When Might A Cash Balance Plan Be A Good Fit?

“When might a cash balance plan be a good fit?”

ERISA consultants at the Retirement Learning Center (RLC) Resource Desk regularly receive calls from financial advisors on a broad array of technical topics related to IRAs, qualified retirement plans and other types of retirement savings and income plans, including nonqualified plans, stock options, and Social Security and Medicare. We bring Case of the Week to you to highlight the most relevant topics affecting your business.

A recent call with an advisor in Illinois is representative of a common question related to cash balance plans. The advisor asked: “I know cash balance plans are growing in popularity. What types of business owners might be a good fit for a cash balance plan?”

Highlights of Discussion

The question of whether to set up a qualified retirement plan has important tax ramifications. Therefore, business owners would be best served by seeking the guidance of a tax professional when making such a decision.

A cash balance plan requires an adopting business to fund the plan to provide participants with a promised retirement benefit. Therefore, cash balance plans are most popular among smaller, well-established firms that have significant and consistent cash flow, for example,

  • Law firms,

  • Medical groups (e.g., radiologists or imaging centers, anesthesiologists, orthopedics, gastroenterologists, etc.)

  • Engineering groups,

  • CPA and accounting firms,

  • Capital investment groups,

  • Architects, and

  • Professional consultants.

Generally, they also work well for older small business owners who are no longer making heavy investments in their businesses, and have significant amounts of pass-through income, resulting in high tax bills.

To determine suitability for a cash balance plan, consider the following questions. The more “yes” responses the greater the possibility a business could benefit from having a cash balance plan.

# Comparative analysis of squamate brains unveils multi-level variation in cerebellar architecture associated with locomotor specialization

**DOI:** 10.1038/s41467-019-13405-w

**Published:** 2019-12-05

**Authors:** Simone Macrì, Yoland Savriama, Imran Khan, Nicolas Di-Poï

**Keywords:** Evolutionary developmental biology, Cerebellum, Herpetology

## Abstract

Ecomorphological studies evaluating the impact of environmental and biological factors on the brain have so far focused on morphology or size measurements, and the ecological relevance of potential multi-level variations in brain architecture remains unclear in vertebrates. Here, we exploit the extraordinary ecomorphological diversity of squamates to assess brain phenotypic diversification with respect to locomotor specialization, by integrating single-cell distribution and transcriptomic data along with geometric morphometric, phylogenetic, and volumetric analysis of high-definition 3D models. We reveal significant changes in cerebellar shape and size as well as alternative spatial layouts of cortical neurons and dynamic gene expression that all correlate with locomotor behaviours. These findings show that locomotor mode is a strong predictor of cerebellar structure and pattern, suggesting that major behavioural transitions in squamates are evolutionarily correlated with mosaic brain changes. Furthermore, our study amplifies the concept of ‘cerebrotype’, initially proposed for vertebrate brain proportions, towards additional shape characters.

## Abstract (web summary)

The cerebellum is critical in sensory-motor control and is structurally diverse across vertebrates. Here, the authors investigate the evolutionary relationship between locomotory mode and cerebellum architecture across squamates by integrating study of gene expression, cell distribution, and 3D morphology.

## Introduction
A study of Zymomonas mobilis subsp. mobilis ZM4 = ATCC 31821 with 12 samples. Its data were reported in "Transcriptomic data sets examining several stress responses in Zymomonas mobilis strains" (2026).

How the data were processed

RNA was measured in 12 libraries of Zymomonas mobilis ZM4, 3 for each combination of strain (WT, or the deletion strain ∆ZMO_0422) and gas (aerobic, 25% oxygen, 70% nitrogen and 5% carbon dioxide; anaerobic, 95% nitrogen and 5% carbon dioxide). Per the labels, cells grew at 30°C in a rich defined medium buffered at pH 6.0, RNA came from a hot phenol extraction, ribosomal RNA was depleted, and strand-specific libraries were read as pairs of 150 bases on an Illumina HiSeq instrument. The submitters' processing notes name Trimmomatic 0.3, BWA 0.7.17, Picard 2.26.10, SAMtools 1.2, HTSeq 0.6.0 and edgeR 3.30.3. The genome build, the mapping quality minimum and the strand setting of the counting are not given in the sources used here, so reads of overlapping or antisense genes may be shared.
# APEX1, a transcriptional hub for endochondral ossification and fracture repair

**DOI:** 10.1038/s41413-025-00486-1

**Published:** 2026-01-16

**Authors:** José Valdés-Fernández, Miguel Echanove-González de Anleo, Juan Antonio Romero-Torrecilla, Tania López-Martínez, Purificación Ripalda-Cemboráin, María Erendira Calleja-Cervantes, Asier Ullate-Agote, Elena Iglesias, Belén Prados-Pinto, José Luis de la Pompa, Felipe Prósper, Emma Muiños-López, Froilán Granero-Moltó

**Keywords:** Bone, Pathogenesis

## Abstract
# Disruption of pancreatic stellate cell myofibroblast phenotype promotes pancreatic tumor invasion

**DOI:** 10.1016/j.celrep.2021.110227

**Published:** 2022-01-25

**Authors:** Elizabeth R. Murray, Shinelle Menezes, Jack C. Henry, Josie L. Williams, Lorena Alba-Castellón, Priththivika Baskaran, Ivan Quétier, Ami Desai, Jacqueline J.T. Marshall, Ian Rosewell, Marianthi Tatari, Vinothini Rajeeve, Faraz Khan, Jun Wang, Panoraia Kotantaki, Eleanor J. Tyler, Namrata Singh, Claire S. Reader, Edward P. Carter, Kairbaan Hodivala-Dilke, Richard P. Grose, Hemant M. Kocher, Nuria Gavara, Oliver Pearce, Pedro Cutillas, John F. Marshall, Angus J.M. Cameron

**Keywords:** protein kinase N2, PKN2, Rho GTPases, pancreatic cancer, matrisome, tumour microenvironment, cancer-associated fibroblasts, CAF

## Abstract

As the table below illustrates, cash balance plans can allow much higher levels of contributions than a profit sharing or 401(k) plan. That equates to higher tax deductions for business owners. For some businesses, having both a defined contribution and cash balance plan may be appealing.


There are some key characteristics to look for in a business owner when evaluating whether a cash balance plan might be a good fit. For the right candidate, a cash balance plan—or even a combination cash balance and defined contribution plan—can provide significant benefits. Above all, whether to set up a qualified retirement plan is an important tax-related question that a business owner should only answer with the help of his or her tax professional.

For decades, we’ve provided retirement plan advisors and wealth managers with the tools and support they need to thrive and grow their practice. With our strategic practice growth services, educational resources and support, RLC will help you on the path to success. Ready to take the next step? Sign up for a free 14-day trial and experience the RLC difference.